By Quillan Roe
I remember a specific day when I was 14 years old. I could not get out of bed. There was no point to getting up, to getting moving, to engaging in the day or my life. It felt completely pointless and overwhelming.
It took until I was 26 or 27 to get help.
After talking with my doctor and filling out mental-health questionnaires, I was diagnosed with dysthymia, which means that I am always feeling a low level of depression, even on my best days.
I forget exactly which one, but dysthymia is caused by a lack of some chemical in my brain, or the inability of my brain to utilize that chemical to its fullest. In other words, it's not that I am lazy or bad or choose to feel this way, or that I am asking for attention; it's that there is a mechanical problem with my brain, and, just like when your car has a mechanical problem, you can take it to an expert and get help with it.
I see a counselor off-and-on, particularly when I'm having a rough patch and need extra help dealing with life. She gives me tools and strategies to work through the various issues that come up.
I'm also on my fourth or fifth medication: it's taken a while to find the right balance between effectiveness and side-effects, but my current meds seem to be doing the trick.
Even with all of this help, I still have a lot of trouble. I frequently get overwhelmed by simple tasks, like doing dishes, rehearsing music, answering emails, maintaining our band’s website, or brushing my teeth. Making a schedule to help with those tasks sometimes helps, and sometimes is overwhelming in itself. I second-, third- and fourth-guess EVERYTHING, down to the smallest decision, to make sure I'm doing it "right." Impostor Syndrome rules my life, and I am pretty paranoid, often assuming that even my closest friends are out to get me. The fact that I've achieved anything in my life, let alone been able to support my family for the past eight years playing music, is simply stunning to me.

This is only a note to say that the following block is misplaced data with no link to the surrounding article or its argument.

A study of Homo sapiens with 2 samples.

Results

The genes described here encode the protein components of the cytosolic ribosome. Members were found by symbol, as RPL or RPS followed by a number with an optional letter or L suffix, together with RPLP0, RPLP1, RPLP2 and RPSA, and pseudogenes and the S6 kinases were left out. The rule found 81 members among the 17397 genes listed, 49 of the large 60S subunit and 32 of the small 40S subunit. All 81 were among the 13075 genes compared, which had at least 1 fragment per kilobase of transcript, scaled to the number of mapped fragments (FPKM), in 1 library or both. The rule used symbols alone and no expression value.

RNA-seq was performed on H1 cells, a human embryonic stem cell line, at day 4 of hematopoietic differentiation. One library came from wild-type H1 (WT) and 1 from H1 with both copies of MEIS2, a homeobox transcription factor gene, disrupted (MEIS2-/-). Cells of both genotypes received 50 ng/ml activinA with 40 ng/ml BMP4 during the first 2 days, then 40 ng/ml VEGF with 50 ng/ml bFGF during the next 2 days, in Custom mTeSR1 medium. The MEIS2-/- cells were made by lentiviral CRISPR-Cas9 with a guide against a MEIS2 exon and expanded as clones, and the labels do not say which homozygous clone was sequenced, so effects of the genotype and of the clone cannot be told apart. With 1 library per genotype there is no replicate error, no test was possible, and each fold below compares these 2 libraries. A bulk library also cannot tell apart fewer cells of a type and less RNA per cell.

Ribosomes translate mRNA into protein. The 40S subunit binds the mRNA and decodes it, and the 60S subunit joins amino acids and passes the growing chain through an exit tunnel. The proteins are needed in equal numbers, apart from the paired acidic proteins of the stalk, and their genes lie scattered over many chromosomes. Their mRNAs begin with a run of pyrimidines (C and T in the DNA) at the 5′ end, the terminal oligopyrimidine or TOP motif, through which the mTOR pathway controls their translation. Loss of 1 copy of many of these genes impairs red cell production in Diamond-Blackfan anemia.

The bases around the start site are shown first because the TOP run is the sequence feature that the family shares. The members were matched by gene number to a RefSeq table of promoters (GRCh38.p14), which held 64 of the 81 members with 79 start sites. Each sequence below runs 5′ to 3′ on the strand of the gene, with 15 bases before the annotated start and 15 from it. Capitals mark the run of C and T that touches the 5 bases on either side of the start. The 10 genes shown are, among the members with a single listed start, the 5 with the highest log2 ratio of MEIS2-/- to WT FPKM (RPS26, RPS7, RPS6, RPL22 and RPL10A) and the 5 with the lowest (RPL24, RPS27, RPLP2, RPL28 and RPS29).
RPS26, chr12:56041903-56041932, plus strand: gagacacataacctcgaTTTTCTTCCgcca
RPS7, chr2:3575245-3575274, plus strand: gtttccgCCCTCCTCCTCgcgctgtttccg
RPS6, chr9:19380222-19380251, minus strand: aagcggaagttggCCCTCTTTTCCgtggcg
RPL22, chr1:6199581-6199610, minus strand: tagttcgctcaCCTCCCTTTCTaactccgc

With a lot of help from my therapist, I recognize these symptoms for what they are (my therapist calls them "distortions"). But they are still there, and they still need to be dealt with constantly.
All of this is not to ask for pity. I've put off writing this post literally for years. I’ve had no interest in discussing this with folks. I've felt embarrassed and ashamed. But I recognize now that the embarrassment and shame are themselves distortions, and things I need to overcome.
I also recognize that, particularly online, we tend to make our lives look the best we can. And, while we are genuinely happy for our friends, we can also get down on ourselves, thinking our own lives aren't as "great" as the curated version of theirs (I feel this ALL the time).
Hopefully by reading about the reality of my struggles with mental health, others will be encouraged to get the help they need. Since I started getting help, I have never had a day like I did when I was 14, and I count that as a success.
Quillan Roe is co-founder of the Roe Family Singers, a good-time, old-time hillbilly band from the Mississippi-headwaters community of Kirkwood Hollow, Minn. Led by Quillan and his talented wife Kim, the band blends characteristic old-time sound with rock ‘n’ roll urgency and influence. Quillan also leads a congregation with the Blood Washed Band at House of Mercy church in St. Paul, and is involved with a number of other music projects as well. He gratefully celebrated 17 years of sobriety on Jan. 1, 2019.